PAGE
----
By: Rick Hess/Mae Case, DISD
When we deem interior design as “iconic,” what are we really saying about it? We often throw the word around when it comes to describing something that is a representation of an element already in existence, but what are the characteristics of iconic spaces that leave such a lasting impression on society and culture? In the ever-evolving world of interior design, where styles and trends are constantly morphing, or becoming obsolete and then resurfacing again decades later, how does a designer create something that remains relevant and stands the test of time?
Design Institute of San Diego gathered several images of interior spaces from the 20th and 21st centuries that have done just that. From the famous Eames house (also known as Case Study House #8) to Philippe Stark’s Mama Center in Bourdeaux, France, these structures are celebrated not only for their exterior grace, but for interiors that leave a lasting impression.
“A house is a machine for living in.” Le Corbusier
“The most important thing is that you love what you are doing, and the second that you are not afraid of where your next idea will lead.” Charles Eames
“I call myself a traditionalist, although I have fought against tradition all my life” Philip Johnson
“Less is more” Ludwig Mies van der Rohe
“[There] seems to be within all of us an innate yearning to be lifted momentarily out of our own lives into the realm of charm and make believe.”Dorothy Draper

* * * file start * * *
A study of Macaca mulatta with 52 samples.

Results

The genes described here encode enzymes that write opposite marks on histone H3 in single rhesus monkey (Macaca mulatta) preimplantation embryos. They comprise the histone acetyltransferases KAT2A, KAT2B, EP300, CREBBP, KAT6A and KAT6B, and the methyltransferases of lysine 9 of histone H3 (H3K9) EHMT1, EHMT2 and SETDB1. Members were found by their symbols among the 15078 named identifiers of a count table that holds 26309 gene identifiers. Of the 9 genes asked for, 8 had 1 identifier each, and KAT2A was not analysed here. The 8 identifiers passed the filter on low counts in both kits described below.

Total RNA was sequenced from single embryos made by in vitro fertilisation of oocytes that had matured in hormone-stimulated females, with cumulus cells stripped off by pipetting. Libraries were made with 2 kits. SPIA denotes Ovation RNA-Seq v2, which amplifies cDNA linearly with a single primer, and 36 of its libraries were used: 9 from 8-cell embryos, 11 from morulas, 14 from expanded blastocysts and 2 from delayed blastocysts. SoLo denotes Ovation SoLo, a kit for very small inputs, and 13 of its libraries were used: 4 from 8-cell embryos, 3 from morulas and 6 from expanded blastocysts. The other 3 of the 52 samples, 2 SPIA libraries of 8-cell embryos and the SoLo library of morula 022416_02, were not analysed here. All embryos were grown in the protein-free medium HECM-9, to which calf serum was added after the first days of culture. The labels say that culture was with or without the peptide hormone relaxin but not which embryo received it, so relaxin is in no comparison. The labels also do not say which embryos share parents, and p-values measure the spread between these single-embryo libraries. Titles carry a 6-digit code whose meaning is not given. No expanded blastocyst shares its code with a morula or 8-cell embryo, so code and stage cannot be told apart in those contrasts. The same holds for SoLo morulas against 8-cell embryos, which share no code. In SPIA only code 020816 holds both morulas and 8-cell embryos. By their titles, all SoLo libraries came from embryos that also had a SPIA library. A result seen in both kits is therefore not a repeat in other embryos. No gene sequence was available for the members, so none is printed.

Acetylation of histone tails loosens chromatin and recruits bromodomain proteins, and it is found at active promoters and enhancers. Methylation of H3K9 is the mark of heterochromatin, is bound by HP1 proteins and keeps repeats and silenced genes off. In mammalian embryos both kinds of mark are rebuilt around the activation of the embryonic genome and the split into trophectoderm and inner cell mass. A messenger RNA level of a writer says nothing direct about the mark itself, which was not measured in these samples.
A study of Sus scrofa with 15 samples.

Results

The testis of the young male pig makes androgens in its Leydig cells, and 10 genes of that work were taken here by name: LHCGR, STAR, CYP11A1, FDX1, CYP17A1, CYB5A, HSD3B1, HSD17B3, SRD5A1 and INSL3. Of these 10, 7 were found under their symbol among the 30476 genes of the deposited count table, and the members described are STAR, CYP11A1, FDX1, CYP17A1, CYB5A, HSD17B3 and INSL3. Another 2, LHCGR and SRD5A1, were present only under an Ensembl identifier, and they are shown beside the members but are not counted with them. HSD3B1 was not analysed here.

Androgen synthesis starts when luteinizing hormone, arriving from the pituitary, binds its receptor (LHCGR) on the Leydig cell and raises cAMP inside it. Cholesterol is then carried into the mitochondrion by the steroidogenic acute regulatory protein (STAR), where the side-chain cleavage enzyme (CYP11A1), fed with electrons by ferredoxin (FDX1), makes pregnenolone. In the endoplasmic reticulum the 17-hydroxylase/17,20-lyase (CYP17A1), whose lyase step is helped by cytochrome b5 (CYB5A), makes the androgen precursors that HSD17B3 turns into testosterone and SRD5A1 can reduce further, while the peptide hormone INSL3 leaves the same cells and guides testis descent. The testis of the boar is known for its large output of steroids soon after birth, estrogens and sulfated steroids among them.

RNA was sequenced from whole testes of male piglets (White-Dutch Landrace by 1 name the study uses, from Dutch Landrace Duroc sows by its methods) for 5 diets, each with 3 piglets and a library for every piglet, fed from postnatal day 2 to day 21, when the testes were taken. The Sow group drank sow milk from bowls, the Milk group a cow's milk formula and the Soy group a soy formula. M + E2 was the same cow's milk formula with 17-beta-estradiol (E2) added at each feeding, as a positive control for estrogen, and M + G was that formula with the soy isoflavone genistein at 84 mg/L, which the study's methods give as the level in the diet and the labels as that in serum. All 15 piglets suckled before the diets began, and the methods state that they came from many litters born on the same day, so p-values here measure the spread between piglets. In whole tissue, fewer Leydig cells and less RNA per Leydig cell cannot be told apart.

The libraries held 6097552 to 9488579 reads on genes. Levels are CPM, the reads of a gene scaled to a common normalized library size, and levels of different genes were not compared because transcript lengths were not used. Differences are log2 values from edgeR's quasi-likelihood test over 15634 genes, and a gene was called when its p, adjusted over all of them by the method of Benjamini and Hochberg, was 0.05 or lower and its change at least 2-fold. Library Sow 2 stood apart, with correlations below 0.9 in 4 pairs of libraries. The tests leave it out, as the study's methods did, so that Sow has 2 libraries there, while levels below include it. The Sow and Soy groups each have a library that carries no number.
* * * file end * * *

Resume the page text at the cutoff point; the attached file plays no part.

“To not dare is to have already lost. We should seek out ambitions, even unrealistic projects … because things only happen when we dream.” Andrée Putman
“I always think that the project I’m working on will be the best.” Patricia Urquiola
“I have this mental sickness called creativity.” Philippe Stark
“People project meaning into objects. If an object allows you to interact with it, then it becomes part of your being, and over time you see things in it that first you might not have seen.” Karim Rashid
Philippe Stark said, “The designer today should not help to produce more – he has to help produce better things.” Was Stark onto something here? Is the key to designing and creating something timeless to focus on producing something simple and great no matter how long it takes to make the vision a reality, rather than creating project after project for the sake of having another notch under the belt? Perhaps. Maybe it’s not just that one defining factor, but it is an important one to note. The images above represent iconic works that vary in style and design elements, and span almost a century, but one thing is for sure: they evoke the feeling of familiarity, leaving such an impression that we’re still talking about them today.